1

What exactly is an elevator pitch, and what can it do for you?

Imagine that you’re stepping into the elevator of a high-rise office building. There’s one other person in the elevator car, and he has money literally falling out of the pockets of his sportscoat. He’s clearly an investor!

Even better, he’s a curious investor, because, out of the blue, he asks you what you do. But there’s a catch: “I’ll give you some of my sweet, sweet money,” he says, “but only if you can convince me to invest in you before these elevator doors open again.”

The elevator’s already begun its ascent. The pressure’s on!

What do you say?

Your elevator pitch: what it is, and what it can (and can’t) do

The above story has never, ever happened to anyone. It’s not even a situation. And that’s kind of the point. “Elevator pitch” is a bit of a misnomer.

Some people hear the term “elevator pitch,” and they think that, with a handful of well-chosen words, they will be able to land that whale of an investor. Or hypnotize a skeptical buyer into green-lighting a gig.

That’s asking quite a bit of a few dozen words. But if we approach it with more realistic expectations, we’ll see that an elevator pitch is an invaluable part of our communications.

So, first: What exactly is an elevator pitch?

An elevator pitch is a way to succinctly communicate some combination of what you do, what makes you different, who you serve and how they benefit.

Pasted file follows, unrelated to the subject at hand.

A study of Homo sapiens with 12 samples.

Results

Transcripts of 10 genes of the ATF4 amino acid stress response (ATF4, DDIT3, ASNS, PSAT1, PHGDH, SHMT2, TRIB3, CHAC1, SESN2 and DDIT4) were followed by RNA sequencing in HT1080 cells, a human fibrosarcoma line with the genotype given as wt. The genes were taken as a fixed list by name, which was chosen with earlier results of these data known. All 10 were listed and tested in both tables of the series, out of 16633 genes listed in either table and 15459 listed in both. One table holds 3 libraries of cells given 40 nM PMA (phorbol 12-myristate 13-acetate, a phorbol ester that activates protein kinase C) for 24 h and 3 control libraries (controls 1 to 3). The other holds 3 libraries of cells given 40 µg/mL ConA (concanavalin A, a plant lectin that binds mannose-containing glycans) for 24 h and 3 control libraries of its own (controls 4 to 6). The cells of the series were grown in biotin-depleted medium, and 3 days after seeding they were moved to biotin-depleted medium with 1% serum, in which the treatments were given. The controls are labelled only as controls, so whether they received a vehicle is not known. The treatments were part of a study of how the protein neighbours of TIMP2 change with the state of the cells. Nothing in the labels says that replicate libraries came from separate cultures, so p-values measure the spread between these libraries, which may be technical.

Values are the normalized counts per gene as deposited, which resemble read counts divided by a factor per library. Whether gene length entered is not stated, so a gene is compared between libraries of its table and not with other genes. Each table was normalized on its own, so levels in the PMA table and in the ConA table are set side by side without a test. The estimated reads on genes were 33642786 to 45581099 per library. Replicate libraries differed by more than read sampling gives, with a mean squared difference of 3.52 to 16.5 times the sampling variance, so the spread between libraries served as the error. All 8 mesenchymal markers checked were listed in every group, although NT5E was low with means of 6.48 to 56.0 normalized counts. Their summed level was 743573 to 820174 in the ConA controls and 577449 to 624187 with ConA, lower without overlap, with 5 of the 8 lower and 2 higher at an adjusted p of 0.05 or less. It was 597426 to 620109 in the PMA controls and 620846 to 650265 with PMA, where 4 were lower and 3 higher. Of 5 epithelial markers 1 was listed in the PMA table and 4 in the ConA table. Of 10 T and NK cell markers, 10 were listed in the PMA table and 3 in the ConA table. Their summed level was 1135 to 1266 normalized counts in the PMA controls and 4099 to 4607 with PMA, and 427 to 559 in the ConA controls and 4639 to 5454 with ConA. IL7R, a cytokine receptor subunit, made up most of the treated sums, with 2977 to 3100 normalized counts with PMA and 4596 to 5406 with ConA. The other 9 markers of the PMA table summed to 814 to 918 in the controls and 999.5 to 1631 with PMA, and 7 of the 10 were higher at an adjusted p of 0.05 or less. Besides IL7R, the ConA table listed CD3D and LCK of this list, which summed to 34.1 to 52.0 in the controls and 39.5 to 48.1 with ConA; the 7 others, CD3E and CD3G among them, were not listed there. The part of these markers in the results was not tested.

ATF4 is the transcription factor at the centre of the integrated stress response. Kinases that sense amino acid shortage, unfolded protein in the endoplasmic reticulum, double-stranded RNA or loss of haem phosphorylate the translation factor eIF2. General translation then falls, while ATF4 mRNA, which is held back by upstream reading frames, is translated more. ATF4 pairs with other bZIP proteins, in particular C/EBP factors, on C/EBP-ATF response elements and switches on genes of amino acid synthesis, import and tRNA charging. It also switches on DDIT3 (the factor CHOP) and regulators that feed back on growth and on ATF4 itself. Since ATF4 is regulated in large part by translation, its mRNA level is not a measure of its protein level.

An elevator pitch is a starting point. It’s the first step in what we hope will be a long and mutually beneficial conversation.

Accordingly, here’s what your elevator pitch can and can’t do:

  • Your elevator pitch can’t close the deal. But it can open the conversation.

  • Your elevator pitch can’t describe everything you do, how, or why. But it can quickly create important connections in the mind of the listener.

  • Your elevator pitch can’t persuade anyone, right there, on the spot. But it can intrigue them enough to learn more.

  • Your elevator pitch can’t be a single statement that works for every audience in every situation. But you can develop a few different versions of your elevator pitch so that you’ll have something ready for almost all audiences and situations.

Exercise A: capture the best and worst of the elevator pitches you’ve heard

In the workbook, write down your answers to the following prompts:

  1. Think about the elevator pitches you’ve heard that really struck a chord with you or that stood out from others. What were they, and why did they appeal to you?

  2. Think about the elevator pitches you’ve heard that made you roll your eyes or that rubbed you the wrong way. What were they, and why did you have a negative reaction to them?

Stuck? Check out the social profiles in your network. LinkedIn profile headlines and Twitter bios can be examples of elevator pitches.

Save these answers – they’ll come in handy as you craft your own elevator pitch.